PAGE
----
Oppn CMs oppose wider powers to paramilitary forces

Oppn CMs oppose wider powers to paramilitary forces

Even as non-UPA chief ministers on Monday opposed amendments to Border Security Force Act and moves to strengthen Central paramilitary forces, the Congress party maintained that matters relating to internal security should not be politicised.

“Issues related to internal security should not be used to make allegations and counter allegations, and score brownie points in politics. We are living in a troubled neighbourhood; if any state has specific problems, it can be discussed with the Union Home Minister,” said Congress spokesperson Manish Tewari while speaking on the matter.

Tewari asserted that amendments aimed at strengthening Central paramilitary forces should not be associated with politics and added: “In the past, such amendments have been made to Indo-Tibetan Border Police Act and Sashastra Seema Bal Act and there has been no complaint of any misuse of powers by them”.

Earlier in the day, alleging that amendments to the BSF Act will disturb the federal structure of the country, opposition chief ministers, who are in the national capital to attend chief ministers’ conference on internal security, demanded that discussions on the issue should be deferred and taken up along with the National Counter Terrorism Centre (NCTC) debate on May 5.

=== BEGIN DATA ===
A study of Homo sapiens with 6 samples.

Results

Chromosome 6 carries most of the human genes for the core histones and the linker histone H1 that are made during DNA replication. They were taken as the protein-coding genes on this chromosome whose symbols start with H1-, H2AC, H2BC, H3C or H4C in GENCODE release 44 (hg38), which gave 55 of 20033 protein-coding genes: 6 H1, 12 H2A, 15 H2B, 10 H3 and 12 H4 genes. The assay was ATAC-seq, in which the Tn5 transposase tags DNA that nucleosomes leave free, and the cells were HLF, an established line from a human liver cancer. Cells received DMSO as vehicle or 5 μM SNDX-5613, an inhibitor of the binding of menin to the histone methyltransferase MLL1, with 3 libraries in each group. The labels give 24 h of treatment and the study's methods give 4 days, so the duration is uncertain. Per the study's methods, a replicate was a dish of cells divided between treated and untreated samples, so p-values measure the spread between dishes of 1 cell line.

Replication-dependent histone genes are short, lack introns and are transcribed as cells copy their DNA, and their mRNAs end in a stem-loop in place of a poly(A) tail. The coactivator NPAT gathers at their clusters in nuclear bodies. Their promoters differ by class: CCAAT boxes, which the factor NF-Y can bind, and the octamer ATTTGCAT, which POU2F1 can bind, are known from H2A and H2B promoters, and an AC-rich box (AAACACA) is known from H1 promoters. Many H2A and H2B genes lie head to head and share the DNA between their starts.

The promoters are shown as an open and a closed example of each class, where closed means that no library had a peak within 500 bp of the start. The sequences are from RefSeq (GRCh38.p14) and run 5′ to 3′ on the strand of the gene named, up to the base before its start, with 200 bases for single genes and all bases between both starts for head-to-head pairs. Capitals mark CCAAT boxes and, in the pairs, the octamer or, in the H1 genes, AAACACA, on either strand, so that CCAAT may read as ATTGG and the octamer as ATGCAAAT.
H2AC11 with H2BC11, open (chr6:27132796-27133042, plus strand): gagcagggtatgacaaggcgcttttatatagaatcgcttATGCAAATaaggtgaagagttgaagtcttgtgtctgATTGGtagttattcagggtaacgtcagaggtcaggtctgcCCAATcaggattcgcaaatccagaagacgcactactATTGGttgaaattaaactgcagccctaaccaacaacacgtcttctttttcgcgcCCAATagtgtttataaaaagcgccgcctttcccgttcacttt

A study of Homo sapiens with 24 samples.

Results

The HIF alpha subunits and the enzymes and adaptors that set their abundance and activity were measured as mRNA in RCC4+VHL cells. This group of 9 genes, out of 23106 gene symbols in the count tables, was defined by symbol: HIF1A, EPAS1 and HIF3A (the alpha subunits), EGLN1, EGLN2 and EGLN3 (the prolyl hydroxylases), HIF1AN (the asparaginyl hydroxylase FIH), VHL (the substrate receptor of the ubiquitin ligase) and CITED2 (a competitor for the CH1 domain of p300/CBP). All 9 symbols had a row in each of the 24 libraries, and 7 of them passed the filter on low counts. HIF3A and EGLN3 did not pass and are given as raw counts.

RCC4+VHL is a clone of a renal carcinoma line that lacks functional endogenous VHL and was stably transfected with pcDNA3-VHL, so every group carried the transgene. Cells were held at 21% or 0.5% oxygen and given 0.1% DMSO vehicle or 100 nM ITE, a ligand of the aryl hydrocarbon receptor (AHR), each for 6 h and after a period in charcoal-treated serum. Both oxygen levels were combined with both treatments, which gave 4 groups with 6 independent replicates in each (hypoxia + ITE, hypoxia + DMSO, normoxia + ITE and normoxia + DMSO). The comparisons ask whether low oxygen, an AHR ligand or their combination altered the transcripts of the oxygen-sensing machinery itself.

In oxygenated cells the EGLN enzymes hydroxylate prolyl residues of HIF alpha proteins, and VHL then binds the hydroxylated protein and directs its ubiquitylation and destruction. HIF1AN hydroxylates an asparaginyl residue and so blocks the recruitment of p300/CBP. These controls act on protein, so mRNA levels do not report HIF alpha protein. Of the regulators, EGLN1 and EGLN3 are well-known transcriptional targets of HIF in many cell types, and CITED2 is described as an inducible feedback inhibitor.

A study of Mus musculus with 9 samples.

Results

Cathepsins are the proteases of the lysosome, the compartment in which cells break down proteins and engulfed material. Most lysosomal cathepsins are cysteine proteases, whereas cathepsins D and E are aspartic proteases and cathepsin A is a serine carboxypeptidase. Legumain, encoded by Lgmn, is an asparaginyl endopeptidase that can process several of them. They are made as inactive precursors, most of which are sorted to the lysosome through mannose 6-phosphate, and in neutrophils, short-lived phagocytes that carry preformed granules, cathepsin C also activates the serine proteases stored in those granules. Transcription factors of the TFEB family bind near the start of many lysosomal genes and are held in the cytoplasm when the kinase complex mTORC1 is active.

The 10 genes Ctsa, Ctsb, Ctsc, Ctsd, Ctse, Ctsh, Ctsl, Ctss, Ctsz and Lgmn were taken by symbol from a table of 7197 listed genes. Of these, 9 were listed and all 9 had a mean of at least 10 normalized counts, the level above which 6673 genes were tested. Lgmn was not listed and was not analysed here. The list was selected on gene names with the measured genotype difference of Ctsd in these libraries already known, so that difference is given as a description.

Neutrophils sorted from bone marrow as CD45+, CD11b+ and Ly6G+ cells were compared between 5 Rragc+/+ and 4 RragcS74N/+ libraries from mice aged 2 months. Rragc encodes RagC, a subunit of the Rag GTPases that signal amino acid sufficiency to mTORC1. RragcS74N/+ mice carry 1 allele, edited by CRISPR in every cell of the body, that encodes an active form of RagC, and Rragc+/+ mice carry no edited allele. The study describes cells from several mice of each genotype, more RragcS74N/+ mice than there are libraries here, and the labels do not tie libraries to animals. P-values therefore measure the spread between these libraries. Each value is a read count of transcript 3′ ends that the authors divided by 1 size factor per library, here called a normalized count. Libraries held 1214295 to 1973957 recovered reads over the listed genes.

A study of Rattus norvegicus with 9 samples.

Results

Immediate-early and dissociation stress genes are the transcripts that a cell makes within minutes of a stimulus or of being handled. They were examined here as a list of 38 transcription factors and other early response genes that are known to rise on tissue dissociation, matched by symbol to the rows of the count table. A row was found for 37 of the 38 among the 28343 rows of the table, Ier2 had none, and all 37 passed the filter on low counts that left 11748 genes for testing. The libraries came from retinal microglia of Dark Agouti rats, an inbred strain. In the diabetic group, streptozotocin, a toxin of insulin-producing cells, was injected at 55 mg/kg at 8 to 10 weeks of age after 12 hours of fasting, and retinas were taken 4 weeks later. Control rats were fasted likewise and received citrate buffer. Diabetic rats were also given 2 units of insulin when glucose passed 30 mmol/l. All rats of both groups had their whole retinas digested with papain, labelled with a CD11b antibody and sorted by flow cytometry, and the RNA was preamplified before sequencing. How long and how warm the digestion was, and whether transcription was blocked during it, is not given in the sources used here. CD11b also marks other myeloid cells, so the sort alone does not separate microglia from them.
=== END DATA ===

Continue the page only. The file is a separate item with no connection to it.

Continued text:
All CMs critical

Tripura Chief Minister Mani Sarkar said since the proposed amendments to the BSF Act, 1968 were against the laid down principles of a federal structure, discussion on it should be combined with the issue of counter-terror cell on May 5.

Gujarat Chief Minister Narendra Modi criticised the Congress-led United Progressive Alliance government and alleged that its "non-consultative" approach with state governments on key security issues was creating “state within state”.

He said amendments to legislation relating to Border Security Force and Railway Protection Force to give wide powers to the paramilitary forces to arrest and search anybody in any part of the country would take away powers from the state police and lead to meddling with subjects under the state list.

Odisha chief minister Naveen Patnaik, the first to question the NCTC move, and his counterparts Shivraj Singh Chouhan of Madhya Pradesh, Nitish Kumar of Bihar, J Jayalalitha of Tamil Nadu and Sadananda Gowda of Karnataka also criticised the central government for not consulting the states on crucial security decisions.